As the New Year is always anticipated throughout the world because of its festive mood and hope for a fresh beginning, it is even more so in Vietnam because of a particular food which is only available around this time – banh gio, a rice snack which is very affordable yet exceptionally delicious.

Banh gio is essentially pyramid-shaped a rice dough dumpling wrapped in layers of banana leaves with fillings of minced pork and wood ear mushrooms. It is a traditional Vietnamese dish which is a favorite among locals and tourists alike because of its distinct soft, gooey texture and versatile factor in which it can be eaten as a main course or as a snack depending on one’s preference or hunger at the time.


There are two ways to eat banh gio, either by hand or by spoon. “Safe eaters” use spoon because eating it can indeed get messy. But the “experts” eat it by hand, just spreading the leaves and then biting right into the juicy goodness of banh gio because according to them, this is the best way to fully taste and enjoy the meal. There are also several ways to serve banh gio, either as it is or accompanied by a side dish such as cha, gio (Vietnamese sausage), grilled pork, chilli sauce, cucumber or soy sauce.

Also referred to as cake because of its incredible softness, banh gio is especially popular among students for its affordability and convenience. They eat it as breakfast, snack, after-dinner treat or just about any time of the day. As such, many banh gio stalls can be seen near schools. It is also sold in markets and generally in any street in Hanoi.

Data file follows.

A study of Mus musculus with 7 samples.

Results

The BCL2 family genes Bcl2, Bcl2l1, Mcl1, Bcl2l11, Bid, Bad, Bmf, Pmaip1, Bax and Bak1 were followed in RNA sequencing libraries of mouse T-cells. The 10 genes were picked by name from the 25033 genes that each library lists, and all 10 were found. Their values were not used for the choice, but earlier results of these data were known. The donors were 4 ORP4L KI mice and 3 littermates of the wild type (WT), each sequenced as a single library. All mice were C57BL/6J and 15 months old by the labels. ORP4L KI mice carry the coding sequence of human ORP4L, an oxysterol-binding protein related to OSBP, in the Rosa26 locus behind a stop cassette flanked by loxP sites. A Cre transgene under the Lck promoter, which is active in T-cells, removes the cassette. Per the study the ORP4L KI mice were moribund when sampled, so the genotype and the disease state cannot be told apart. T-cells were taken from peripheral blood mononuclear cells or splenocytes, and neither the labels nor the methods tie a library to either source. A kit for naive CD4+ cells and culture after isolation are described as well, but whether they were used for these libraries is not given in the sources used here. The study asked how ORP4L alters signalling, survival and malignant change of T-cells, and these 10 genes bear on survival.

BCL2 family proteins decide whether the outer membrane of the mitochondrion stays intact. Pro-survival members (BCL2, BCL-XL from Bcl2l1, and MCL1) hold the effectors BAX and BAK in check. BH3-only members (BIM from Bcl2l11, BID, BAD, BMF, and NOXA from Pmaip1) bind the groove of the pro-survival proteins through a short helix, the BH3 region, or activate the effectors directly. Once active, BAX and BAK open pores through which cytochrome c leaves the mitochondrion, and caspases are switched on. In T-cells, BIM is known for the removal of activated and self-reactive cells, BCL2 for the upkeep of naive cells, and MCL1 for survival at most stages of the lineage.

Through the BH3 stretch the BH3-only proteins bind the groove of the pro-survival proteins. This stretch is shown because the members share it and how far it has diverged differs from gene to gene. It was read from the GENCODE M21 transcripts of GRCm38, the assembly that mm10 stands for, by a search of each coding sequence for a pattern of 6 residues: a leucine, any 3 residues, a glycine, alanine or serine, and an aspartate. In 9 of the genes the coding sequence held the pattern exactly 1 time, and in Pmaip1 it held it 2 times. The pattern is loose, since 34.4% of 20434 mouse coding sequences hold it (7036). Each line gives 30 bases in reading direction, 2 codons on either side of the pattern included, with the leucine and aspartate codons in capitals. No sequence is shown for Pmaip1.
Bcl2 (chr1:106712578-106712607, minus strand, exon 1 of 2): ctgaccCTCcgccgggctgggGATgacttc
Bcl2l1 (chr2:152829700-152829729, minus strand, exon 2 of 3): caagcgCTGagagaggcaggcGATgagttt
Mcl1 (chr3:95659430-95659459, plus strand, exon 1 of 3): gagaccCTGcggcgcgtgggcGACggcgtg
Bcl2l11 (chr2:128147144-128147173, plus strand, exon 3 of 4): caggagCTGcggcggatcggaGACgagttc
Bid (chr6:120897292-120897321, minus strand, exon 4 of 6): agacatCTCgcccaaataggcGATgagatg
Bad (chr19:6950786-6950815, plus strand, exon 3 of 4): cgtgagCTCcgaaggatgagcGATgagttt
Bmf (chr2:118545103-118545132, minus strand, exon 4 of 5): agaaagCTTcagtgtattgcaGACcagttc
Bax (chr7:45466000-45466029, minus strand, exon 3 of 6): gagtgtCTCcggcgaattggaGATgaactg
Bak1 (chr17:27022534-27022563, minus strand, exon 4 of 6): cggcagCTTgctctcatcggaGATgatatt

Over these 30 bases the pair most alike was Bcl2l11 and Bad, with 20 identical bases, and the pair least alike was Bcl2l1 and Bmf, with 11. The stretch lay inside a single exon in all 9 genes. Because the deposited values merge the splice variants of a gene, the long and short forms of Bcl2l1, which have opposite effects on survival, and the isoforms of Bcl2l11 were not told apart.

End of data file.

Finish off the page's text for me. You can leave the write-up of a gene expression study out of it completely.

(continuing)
There are several famous banh gio stores in Vietnam. One is in Hanoi and owned by Madam Luy. Located at the corner of Tran Xuan Soan Street near Hom Market, it is a small, simple diner yet always full of customers because of its unique jelly-like smoothness and added treat of gio cha. The banh gio here is always fresh, guaranteeing its clients of a hot and tasty meal all the time. The cakes sell out almost as soon as they are made because of their exceptional goodness, so would-be buyers should go there early and buy more than one piece to fully enjoy Madam Luy’s banh gio.    

Another popular banh gio maker in Vietnam is at Dong Cac Street, known for its side dishes of fried sausage, grilled pork and cucumber. For VND30,000, you will get a big serving of banh gio with yummy side treats.

Thuy Khue Street got its fame for making large-sized banh gio, almost twice the traditional size. The cake is so in-demand here that vendors can sell between 500 – 600 pieces per day.   

There are other famous traditional Vietnamese dishes: Banh Chung – square sticky rice cake; Banh Giay – white flat cake made of glutinous rice with or without mung beans inside; Banh Ran – fried pancake; and Banh Tom Ho Tay – deep fried shrimp cake in West Lake. But Banh Gio seems to be the favorite among them all because of its one-of-a-kind, heavenly softness and surprisingly but delightfully affordable price.